Almost every member of my family has had their identity stolen at some point or another. My husband's Social Security Number was being used by a woman in Indiana when he was a child. My sister had a credit card stolen by someone who worked at the credit card company. My mother-in-law had a phone account opened in her name - on the other side of the country.
Identity theft includes a wide range of crimes, from the use of a credit card to stolen information to open new accounts. Most of the time, thousands of dollars of debt are racked up for the victim.
With between 500,000 and 1 million new cases each year, identity theft is one of the fastest growing crimes, according to the FBI. Most of the time, the thief gets away. When caught, most face restitution and no jail time.
Yet, the victim often has to spend over a year salvaging his or her credit. And we all pay. Many companies are left footing the bill. This results in higher interest rates and fees for all of us. We are all the victims of identity theft, directly and indirectly.
What can you do to protect yourself? Some things are out of your control. But if you are wise, the harder it will be for someone to steal your identity.
You should start by keeping a close eye on your finances. Read all of your credit card statements and bank account statements each month. Check your credit report annually. You can recieve a free credit report each year from each of the three major credit reporting agencies.
Go through your credit report carefully. You are looking for accounts you didn't open, charges you didn't make and collections that aren't yours. If you find problems, you need to report them immediately.
There are a lot of companies that ask for your Social Security Number for recordkeeping. Ask to use your driver's license number instead. Your SSN shouldn't be on your health insurance card. You don't need to carry the number on your person. Don't have it preprinted on your checks.
Never give out your personal information to anyone over the phone or the internet if you did not initiate the contact. If they call and ask, have them hang up and call the company back. Make sure you know who you are giving your information to.
Don't carry your PINs and passwords with you. Don't store your passwords on your computer. If you have to write them down, keep them in a locked drawer. Make your passwords hard to guess. Don't simply choose your mom's maiden name, your birthdate or the town you live in. If you can, use a mix of upper and lower case numbers, letters and symbols.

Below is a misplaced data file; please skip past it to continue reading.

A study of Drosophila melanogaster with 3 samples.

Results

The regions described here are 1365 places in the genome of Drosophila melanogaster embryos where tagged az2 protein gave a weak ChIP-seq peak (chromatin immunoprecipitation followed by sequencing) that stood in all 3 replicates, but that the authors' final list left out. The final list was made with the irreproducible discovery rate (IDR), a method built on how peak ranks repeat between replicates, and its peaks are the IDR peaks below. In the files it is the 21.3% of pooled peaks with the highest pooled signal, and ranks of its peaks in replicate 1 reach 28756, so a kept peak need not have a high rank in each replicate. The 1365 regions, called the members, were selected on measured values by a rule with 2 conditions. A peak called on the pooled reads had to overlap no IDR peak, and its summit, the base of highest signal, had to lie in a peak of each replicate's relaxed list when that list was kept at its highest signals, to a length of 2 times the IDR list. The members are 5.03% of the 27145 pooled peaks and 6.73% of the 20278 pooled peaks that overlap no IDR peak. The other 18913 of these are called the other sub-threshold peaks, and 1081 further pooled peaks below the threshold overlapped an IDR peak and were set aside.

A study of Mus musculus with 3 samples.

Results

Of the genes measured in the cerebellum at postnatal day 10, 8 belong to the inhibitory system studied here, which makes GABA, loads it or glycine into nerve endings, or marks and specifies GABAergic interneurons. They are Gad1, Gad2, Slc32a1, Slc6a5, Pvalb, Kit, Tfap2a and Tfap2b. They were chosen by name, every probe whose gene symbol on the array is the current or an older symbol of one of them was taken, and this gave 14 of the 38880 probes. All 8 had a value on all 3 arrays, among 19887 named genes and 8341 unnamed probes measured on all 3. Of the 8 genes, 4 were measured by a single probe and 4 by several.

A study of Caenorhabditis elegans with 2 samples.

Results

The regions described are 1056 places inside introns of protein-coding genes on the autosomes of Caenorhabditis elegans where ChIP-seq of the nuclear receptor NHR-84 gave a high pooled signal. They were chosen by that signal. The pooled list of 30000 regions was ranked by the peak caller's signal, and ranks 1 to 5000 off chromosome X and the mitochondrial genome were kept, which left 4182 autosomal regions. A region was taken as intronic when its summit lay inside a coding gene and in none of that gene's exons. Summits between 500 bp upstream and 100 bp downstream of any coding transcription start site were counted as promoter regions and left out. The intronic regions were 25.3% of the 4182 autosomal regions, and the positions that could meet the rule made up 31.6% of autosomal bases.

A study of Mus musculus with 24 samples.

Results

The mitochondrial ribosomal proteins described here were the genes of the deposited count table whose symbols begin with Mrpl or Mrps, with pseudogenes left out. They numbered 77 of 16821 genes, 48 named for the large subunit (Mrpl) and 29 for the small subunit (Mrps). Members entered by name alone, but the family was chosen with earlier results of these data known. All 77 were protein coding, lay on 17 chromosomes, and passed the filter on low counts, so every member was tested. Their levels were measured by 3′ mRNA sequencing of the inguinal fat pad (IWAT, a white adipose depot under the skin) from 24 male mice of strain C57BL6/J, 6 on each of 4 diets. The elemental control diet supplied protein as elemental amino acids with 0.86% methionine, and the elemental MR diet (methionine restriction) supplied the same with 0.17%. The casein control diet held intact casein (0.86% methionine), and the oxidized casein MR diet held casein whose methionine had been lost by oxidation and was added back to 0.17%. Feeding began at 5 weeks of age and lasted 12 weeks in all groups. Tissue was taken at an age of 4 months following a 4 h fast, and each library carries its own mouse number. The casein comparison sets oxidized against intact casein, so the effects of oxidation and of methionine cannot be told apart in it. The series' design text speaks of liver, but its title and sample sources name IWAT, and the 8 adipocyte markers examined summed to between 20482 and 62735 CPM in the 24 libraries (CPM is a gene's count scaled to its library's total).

You need to keep track of your bills. If one is late or doesn't come at all, you need to call the company. A late or missing bill could mean that someone has stolen your account, moving your billing address.
You should shred all paperwork with your information on it. This includes credit card receipts and credit card offers. Put the remnants in with your kitchen garbage or child's dirty diapers and dumpster divers won't put them back together.
Don't simply mail your bill from your mailbox. Thieves love to take mail out of your box. Run by the post office or a drop box. If you are going out of town, don't let your mail pile up. One little trip through your mail can give a thief your bank account numbers, credit card numbers and personal family information.
If something does happen to your identity, you should have a list with all of your credit card numbers, bank account numbers, contact information for companies and a copy of your driver's license. Keep this in a safe deposit box or with your attorney. This will give you a quick list of who to call if your wallet or purse is stolen. Within an hour, you can alert all of your accounts as to the situation.
Remember, you should guard your personal information vigilantly. By being careful, questioning and wary, you can keep your information a little safer.
Martin Lukac represents http://www.RateEmpire.com and http://www.1AmericanFinancial.com , a finance web-company specializing in real estate and mortgage rates. We specialize in daily updates, mortgage news, rate predictions, mortgage rates and more. Find low home loan mortgage interest rates from hundreds of mortgage companies!